As planes fly faster and higher, it becomes harder for controllers to track their movements. Today only controllers have an accurate picture of air traffic. They use this information to guide pilots around potential problems. The pilots themselves have no way to independently confirm where they are in relation to all other flights. They must rely on controllers to tell them.
Labor Day weekend, 1986. Approach controller Walter White guides Aeromexico flight 498 in for a landing at Los Angeles International airport. The airspace around LAX is very tightly controlled. It is called the TCA, the terminal control area. As Aeromexico flight 498 closes in on the airport, Walter White sees a plane he does not expect on his radar.
“Ok, you are right in the middle of TCA, sir.”
Walter White hustles the small plane out of the controlled airspace,
“… and we run a lot of jets right through there at 3,500.”
but White does not realize that there is another plane dangerously off course.
“We should be able to see the ocean by now… Take a look at the map and see…”
The Piper Cherokee is cutting across the approach to LAX oblivious to the danger. The Aeromexico flight is just minutes from landing.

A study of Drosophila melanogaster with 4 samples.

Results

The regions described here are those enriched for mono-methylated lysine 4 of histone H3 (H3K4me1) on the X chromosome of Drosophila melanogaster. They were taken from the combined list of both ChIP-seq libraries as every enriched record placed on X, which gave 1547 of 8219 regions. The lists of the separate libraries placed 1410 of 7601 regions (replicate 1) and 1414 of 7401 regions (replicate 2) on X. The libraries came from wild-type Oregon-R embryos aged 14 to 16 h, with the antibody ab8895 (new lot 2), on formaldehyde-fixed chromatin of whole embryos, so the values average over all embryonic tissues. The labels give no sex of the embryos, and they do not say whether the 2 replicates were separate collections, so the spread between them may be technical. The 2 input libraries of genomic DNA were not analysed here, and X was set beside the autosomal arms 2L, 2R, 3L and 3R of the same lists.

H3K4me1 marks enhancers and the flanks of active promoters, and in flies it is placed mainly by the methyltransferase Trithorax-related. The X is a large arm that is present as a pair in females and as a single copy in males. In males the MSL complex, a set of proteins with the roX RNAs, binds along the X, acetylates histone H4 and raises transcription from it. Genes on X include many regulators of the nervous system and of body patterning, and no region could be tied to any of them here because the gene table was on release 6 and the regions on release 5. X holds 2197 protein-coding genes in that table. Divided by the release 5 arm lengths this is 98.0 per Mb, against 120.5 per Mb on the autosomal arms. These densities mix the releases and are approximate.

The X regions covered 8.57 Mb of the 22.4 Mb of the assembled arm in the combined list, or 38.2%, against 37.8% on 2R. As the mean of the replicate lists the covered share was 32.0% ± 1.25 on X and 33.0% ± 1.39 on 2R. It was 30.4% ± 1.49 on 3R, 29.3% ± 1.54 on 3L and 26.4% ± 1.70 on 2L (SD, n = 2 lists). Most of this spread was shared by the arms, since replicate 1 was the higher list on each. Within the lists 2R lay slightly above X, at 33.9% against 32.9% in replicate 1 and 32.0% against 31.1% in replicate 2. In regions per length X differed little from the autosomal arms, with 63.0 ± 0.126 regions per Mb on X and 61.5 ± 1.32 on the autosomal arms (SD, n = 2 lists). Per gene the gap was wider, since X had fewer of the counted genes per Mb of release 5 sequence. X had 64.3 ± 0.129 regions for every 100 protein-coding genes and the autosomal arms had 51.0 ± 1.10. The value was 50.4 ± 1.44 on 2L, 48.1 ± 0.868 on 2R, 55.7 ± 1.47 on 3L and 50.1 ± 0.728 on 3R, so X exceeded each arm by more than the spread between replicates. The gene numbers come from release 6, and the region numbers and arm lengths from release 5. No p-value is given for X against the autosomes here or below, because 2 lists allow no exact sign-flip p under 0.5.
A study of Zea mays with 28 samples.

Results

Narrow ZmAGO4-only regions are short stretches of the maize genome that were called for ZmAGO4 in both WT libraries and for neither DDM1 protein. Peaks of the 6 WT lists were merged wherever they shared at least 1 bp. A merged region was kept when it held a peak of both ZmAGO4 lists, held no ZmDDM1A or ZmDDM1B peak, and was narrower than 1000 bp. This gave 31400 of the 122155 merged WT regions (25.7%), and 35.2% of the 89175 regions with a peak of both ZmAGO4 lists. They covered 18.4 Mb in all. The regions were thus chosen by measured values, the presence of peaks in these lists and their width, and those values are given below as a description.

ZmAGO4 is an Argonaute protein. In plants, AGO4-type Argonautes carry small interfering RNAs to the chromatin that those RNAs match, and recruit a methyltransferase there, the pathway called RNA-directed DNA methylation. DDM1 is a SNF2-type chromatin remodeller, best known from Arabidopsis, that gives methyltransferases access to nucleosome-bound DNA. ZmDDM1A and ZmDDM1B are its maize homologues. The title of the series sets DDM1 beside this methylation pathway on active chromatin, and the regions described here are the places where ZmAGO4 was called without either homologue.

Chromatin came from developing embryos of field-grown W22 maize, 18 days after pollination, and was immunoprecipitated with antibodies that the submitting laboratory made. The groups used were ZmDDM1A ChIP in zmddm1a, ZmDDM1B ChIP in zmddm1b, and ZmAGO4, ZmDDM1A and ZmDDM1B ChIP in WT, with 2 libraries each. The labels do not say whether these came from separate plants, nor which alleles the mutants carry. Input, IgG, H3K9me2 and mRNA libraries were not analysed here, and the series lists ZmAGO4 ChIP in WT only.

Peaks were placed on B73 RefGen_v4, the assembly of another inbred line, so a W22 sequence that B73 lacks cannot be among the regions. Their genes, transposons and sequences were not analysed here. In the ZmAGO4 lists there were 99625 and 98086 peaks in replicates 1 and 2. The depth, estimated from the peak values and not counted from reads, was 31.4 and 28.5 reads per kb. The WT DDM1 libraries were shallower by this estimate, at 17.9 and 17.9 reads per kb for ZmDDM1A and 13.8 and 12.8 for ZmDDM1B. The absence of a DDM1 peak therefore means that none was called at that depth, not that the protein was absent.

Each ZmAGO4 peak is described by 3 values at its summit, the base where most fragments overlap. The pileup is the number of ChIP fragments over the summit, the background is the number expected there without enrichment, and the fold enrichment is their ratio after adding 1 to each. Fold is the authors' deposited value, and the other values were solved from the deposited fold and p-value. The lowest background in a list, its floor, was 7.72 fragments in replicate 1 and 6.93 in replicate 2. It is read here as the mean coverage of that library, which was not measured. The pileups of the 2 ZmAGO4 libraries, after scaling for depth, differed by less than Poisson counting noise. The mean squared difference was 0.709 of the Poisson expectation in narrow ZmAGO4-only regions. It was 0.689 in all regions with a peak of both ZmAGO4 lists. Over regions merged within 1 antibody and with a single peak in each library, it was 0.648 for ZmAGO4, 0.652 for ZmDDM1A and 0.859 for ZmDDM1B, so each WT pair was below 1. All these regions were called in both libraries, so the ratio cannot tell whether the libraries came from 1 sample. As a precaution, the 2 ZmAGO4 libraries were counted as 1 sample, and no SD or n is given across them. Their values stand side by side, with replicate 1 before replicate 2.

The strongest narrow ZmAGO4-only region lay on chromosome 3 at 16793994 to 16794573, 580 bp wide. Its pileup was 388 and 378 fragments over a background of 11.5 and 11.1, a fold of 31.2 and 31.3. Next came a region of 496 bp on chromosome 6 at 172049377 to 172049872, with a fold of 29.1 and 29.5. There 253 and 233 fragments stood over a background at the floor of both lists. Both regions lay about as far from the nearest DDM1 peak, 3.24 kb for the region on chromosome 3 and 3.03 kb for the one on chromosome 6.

The National Transportation Safety Board questions Walter White about what he saw on his radar display.
“At any time, did you see the Piper Cherokee on your scope? – No, no sir! The Piper Cherokee was not displayed. It is my belief that it was not on my radarscope. But when investigators finally get the air traffic control radar records, they conclude the Piper should have been visible.
“He was looking at one, trying to keep it clear. And lost track of another one on the same altitude as the approaching Aermexico jet”
The collision over Los Angeles drew attention to weaknesses in the radar systems used by air traffic controllers and led to some much-needed improvements.
“Intruder is an automated program that is now incorporated in all our major radar facilities. That if an aircraft should inadvertently intrude, the controller will now be given a visual in an oral alert, this giving him time to override a timely warning to the pilot.
After the collision over Los Angeles, radar systems at the airport were upgraded.